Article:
January 19, 2018
By GRIFFIN KELLY - Staff Writer (gkelly@adirondackdailyenterprise.com) , Lake Placid News

LAKE PLACID - There's an old expression about walking a mile in someone else's shoes. It's supposed to teach empathy and compassion.

That's why the Lake Placid Connections for Change has a adopted a pair of sneakers similar to Converse All-Stars as the logo for its program, which seeks to create a positive environment for students in the Lake Placid middle and high schools.

Students and teachers were inspired to make their own empathy-focused program after seeing a presentation from Tom Bull, a teacher and program organizer in the Peru Central School District.


LPMS English teacher and LPCC adviser Kristin Tice said Bull had plenty of great ideas that create a positive and inclusive environment for all students.

"'You can't get rid of bullying,'" Tice said, quoting Bull, "'but you can make it a better place for all of the kids to be everyday.'"

"I've been the kid that has been made fun of for things that you can't necessarily change about yourself," she said later. "You know I've been the kid to stick up for a kid who's getting bullied, so I can see it from all perspectives, and that's a big part of why I am an adviser for this group."

The LPCC is currently raising funds on Adirondackgives.com for an "I Am" mural, inspirational poster throughout the school and team building activities for all students. The fundraising campaign, which will be open until Feb. 15, has a $1,000 goal.

The mural will be a platform for students to voice who they are without judgment.

"I am different," "I am weird" and "I am exciting" were just a few examples of what students could write on the mural.

"It's where all the kids in our middle school can add their own adjective describing who they are," Tice said. "It's OK to be outside the cookie cutter or what everyone expects you to be like. The whole point of the mural is to show that all of those things are OK."

Another aspect the funding would go toward is inspirational posters around the school, adding to the "look-up" posters already in place. The look-up posters are hung from the ceiling with positive quotes written on them, so students who might not be having the best day have a reason to keep their heads up.

"When you're walking down the hall," Tice said, "it's literally a sign hanging from the ceiling that just says something positive or has an inspirational message for the student to read."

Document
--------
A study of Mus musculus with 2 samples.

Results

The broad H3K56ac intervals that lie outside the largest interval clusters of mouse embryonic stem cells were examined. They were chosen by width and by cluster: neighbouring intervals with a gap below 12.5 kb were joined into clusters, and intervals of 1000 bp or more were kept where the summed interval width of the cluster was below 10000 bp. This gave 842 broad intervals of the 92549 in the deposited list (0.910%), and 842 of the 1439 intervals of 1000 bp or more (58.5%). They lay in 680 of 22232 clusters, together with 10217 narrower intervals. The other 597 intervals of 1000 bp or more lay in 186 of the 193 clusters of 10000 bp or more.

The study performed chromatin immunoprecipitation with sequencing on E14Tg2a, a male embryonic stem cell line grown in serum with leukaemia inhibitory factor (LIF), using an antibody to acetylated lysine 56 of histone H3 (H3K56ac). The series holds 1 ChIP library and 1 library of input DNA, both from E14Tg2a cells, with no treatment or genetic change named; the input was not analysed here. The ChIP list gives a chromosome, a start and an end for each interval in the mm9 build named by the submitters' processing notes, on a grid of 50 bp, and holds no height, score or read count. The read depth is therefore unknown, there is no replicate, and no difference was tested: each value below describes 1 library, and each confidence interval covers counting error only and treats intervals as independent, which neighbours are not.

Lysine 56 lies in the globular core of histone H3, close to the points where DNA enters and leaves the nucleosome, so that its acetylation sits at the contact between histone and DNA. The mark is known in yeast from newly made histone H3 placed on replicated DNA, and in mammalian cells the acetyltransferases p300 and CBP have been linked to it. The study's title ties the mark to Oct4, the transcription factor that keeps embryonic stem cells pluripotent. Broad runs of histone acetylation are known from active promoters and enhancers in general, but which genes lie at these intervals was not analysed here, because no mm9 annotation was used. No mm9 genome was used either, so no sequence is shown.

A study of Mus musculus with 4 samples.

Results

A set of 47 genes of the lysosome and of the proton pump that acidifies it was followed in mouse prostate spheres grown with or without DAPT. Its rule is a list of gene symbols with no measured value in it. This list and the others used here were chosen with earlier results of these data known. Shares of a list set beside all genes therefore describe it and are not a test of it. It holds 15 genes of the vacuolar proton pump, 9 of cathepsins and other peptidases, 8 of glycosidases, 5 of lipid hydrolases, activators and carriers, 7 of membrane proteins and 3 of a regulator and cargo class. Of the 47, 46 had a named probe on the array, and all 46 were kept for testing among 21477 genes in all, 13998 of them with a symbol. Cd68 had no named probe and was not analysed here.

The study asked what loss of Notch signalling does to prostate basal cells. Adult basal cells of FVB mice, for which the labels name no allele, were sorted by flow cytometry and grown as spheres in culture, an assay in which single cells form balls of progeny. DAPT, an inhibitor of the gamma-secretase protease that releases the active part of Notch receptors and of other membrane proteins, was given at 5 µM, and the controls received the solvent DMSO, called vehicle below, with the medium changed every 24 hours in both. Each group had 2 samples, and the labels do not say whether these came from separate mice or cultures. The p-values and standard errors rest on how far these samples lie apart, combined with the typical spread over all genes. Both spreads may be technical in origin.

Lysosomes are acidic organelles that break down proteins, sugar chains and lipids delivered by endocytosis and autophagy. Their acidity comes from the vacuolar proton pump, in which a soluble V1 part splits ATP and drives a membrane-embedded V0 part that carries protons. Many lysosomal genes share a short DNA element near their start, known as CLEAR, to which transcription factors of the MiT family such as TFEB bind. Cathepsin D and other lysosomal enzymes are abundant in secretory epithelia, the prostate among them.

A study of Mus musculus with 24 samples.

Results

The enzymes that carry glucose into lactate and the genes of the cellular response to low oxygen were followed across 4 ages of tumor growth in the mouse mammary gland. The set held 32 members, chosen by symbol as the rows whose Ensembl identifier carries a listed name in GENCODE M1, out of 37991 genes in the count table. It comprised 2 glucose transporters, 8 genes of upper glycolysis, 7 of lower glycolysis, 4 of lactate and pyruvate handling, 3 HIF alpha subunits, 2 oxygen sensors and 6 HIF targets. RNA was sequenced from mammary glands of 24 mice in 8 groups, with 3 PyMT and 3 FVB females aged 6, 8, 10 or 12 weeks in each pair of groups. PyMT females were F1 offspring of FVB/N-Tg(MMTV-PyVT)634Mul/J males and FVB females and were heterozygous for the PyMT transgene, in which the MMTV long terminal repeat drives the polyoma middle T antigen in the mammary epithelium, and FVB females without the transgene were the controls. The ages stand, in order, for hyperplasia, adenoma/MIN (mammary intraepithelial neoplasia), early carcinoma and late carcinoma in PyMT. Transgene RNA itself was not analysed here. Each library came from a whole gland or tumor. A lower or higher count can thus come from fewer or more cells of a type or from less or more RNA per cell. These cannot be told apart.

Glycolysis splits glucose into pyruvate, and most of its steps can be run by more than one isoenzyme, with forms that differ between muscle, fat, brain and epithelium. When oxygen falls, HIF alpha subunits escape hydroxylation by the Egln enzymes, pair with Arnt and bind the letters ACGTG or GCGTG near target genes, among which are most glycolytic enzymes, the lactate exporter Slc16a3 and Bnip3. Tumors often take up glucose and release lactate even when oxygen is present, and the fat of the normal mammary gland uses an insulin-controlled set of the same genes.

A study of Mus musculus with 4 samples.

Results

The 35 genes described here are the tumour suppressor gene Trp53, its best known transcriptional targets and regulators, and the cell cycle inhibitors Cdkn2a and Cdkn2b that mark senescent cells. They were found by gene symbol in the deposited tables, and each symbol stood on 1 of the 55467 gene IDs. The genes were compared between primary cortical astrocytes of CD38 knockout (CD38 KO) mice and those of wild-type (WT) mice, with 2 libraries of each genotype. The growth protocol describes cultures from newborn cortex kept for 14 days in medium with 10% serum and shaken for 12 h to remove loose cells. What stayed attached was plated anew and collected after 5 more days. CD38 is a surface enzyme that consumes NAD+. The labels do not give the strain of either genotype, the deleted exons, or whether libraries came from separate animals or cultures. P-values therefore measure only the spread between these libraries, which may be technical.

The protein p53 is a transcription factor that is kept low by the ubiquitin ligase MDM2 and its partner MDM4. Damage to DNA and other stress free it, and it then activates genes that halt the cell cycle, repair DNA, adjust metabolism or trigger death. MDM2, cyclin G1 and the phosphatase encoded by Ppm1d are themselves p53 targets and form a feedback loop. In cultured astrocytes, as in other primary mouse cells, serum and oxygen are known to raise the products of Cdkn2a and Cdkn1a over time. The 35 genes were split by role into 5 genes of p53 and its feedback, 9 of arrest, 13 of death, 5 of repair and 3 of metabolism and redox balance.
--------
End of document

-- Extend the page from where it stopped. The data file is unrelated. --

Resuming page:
Tice continued, saying the posters aren't fluff; they really do impact the students.

"I've had a ton of kids already say it's just something - on their worst day - it's something that made them, you know, think about it and be like, 'OK it's not as bad as I think.'"

Tice brought up the point that despite Lake Placid being an attractive town, not everyone has it well off financially.

"When kids sometimes wear clothes that aren't seen as "the cool" clothes, they do get made fun of, but we have a pretty good school environment," she said. "I don't want to say it doesn't happen, but it's not as frequent where kids are made fun of because of their disadvantages. There definitely is a problem. A lot of people think, 'Lake Placid, everyone has money here,' and that's not the case."

As a former student and now an educator in the public school system, Tice said bullying still exists, but it's done differently. Where it used to be physical abuse and name calling among the lockers in school hallways, much harassment is now done behind computer and phone screens.

"Every kid has a cellphone," she said. "Facebook and Twitter and Instagram - these are the things kids use now. That's one of the issues. A lot of times kids do it when teachers aren't looking or when they sneak out their phones - and because they're so small - you can hide it anywhere. That's where a lot of the bullying is happening. It's more online than anything."

The LPCC isn't solely about picking people up when they're down but also encouraging those who are helpful students to continue to be a positive aspect of the middle and high schools.

If Tice or anyone else from the LPCC notices a student sticking up for others, they write them a thank-you card with some candy attached.

Tice said since LPCC started in early 2017, it has been successful. The numbers continue to grow currently 15 to 20 regular members.

Tice said she also has at least two students approach her each month, asking if they can still join the program.

"Most of our eighth graders now have really stepped up and been leaders in this group," she said. "They show up to as many meetings as they can, and they make these ideas happen."

As a person who sees how students interact with each other every day, Tice believes the LPCC is a great way to instill understanding and empathy.

"I'm the first one that when I see something," Tice said, "I definitely call the kid over, and I make them see, 'What if it was you that was being treated like this,' because a lot of times kids don't think about that. I'm starting to see a lot of kids stand up for their peers rather than just letting things happen."